Alimta receives positive endorsement for lung cancer approval from FDA Advisory Committee


"The committee's unanimous recommendation is a major step forward for patients being treated for non-small cell lung cancer in the second-line setting," said Paolo Paoletti, M.D., vice president of oncology clinical research at Lilly. "Study data show that Alimta's effectiveness is comparable to Taxotere, is conveniently administered and is better tolerated."

The ODAC recommendation supports a possible FDA approval of Alimta as a single-agent therapy for patients with locally advanced or metastatic non-small cell lung cancer after receiving prior chemotherapy. The committee based its opinion upon one of the largest Phase III studies to date in the second-line setting in which Alimta was compared head-to-head to Taxotere®  (docetaxel).

The Phase III study showed:

  • Alimta demonstrated a survival benefit similar to Taxotere (8.3 months median survival vs. 7.9 months median survival, favoring Alimta).
  • Alimta had a response rate (tumor shrinkage) of 9.1 percent compared to a response rate of 8.8 percent for Taxotere.
  • Alimta and Taxotere had similar progression-free survival rates of 2.9 months.  Progression-free survival represents the number of months that a patient's disease remains in remission following treatment without the disease getting any worse.
  • Compared to Taxotere, patients who received Alimta experienced less Grade 3 or 4 neutropenia (neutropenia is a decrease in infection-fighting white blood cell counts), less neutropenia with fever, less diarrhea, fewer hospitalizations due to adverse events and less hair loss.  Patients treated with Alimta did experience higher rates of Grade 3 or 4 Alanine Transaminase (ALT), a laboratory measurement of liver function.

Paul Bunn, M.D., Director of the University of Colorado Cancer Center said, "I agree that Alimta should be available for patients with lung cancer who are being treated in the second-line setting. Based on its similar efficacy and superior side effect profile, Alimta is a better alternative than the current standard of care, Taxotere."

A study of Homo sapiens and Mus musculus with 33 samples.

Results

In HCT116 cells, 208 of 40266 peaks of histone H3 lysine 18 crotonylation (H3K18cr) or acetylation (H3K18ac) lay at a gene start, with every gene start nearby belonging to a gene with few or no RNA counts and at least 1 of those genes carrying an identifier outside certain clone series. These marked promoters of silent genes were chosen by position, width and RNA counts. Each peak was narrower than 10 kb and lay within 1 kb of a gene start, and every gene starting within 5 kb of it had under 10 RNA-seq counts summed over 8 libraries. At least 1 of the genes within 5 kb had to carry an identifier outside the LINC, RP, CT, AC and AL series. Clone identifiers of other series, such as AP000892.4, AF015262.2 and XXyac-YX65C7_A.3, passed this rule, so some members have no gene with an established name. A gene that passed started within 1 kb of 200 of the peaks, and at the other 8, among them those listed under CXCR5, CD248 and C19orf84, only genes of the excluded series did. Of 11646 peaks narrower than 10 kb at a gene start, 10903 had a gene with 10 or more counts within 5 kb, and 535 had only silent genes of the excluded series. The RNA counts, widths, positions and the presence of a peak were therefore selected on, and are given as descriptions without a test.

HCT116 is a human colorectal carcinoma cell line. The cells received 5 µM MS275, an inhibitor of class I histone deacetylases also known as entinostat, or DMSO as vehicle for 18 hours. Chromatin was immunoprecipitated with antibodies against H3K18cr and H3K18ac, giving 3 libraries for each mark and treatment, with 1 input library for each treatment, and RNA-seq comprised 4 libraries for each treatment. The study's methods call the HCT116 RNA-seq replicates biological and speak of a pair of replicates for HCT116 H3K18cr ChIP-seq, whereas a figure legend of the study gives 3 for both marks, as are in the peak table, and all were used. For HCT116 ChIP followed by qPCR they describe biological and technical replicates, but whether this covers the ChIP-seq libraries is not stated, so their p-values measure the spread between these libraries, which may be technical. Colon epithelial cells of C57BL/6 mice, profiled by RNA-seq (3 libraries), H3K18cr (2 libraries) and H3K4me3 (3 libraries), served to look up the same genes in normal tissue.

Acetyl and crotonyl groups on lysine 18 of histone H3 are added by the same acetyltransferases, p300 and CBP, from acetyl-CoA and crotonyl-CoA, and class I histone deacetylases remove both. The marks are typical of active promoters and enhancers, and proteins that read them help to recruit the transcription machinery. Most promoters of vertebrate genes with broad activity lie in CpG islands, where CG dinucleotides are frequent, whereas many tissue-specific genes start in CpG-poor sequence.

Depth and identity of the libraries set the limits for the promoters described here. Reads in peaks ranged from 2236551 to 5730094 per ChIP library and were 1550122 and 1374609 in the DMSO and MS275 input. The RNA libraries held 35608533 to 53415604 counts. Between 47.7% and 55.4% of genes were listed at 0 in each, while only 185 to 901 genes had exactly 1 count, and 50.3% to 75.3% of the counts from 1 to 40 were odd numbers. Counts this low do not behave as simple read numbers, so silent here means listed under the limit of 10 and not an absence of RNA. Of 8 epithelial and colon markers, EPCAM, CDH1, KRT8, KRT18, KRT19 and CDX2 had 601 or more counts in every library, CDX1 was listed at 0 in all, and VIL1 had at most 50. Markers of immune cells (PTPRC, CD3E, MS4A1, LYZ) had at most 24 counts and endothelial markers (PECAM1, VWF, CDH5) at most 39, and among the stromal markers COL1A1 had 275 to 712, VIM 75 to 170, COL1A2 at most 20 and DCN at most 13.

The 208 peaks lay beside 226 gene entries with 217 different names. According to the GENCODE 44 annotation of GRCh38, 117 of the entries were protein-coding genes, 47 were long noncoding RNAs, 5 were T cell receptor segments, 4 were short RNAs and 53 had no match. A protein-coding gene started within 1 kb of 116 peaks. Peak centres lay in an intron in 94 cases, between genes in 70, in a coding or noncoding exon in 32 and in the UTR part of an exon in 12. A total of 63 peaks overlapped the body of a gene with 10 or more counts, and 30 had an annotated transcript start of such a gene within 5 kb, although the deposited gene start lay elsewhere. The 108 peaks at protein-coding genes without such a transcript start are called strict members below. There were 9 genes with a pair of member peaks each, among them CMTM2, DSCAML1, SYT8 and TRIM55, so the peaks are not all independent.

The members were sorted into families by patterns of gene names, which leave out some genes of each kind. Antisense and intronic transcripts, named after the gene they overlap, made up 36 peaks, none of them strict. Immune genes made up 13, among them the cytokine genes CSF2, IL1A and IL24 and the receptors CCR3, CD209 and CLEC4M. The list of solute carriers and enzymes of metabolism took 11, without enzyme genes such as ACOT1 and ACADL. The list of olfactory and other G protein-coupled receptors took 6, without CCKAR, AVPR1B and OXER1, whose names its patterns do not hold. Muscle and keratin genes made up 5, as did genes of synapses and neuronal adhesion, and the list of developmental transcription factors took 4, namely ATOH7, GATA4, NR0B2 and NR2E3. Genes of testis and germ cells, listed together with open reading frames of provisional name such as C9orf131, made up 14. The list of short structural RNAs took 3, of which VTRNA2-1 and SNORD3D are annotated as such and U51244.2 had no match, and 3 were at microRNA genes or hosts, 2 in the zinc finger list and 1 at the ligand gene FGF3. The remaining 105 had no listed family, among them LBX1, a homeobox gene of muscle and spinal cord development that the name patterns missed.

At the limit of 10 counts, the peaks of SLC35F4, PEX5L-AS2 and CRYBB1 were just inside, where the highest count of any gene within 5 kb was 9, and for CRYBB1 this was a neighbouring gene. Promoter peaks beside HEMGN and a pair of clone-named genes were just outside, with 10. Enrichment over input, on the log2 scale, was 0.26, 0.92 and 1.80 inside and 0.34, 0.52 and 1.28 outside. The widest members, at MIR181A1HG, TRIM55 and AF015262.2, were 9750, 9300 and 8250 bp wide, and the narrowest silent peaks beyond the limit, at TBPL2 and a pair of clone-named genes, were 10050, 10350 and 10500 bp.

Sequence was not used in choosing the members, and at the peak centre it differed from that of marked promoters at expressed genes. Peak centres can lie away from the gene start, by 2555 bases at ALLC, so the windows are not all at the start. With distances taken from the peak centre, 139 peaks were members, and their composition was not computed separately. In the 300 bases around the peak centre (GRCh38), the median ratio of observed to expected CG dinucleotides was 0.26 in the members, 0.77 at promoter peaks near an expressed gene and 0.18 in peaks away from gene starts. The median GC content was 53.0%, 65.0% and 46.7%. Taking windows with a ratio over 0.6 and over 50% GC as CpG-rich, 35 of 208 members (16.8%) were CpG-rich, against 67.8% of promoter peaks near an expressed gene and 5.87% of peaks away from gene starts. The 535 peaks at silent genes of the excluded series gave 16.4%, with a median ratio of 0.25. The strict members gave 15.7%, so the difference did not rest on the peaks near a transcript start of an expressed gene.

If approved by the FDA for treatment of second-line non-small cell lung cancer, Alimta would have two indications in the U.S. In February 2004, the FDA approved Alimta, in combination with cisplatin, a commonly-used chemotherapy agent, for use in the treatment of malignant pleural mesothelioma, a devastating cancer often associated with asbestos exposure.

In June 2004, the European Committee for Medicinal Products for Human Use (CHMP) issued a positive opinion for a dual indication for Alimta. The CHMP's recommended approval of Alimta as a single-agent for patients with locally advanced or metastatic non-small cell lung cancer after prior chemotherapy and in combination with cisplatin for the treatment of malignant pleural mesothelioma. This opinion for dual indication represents a regulatory first for Lilly.

Alimta, in combination with cisplatin, is also approved in Argentina, Canada, Israel and Australia for the treatment of malignant pleural mesothelioma. In Australia, Alimta is also approved as a single-agent for the treatment of second-line non-small cell lung cancer.


The opinions expressed here are the views of the writer and do not necessarily reflect the views and opinions of News Medical.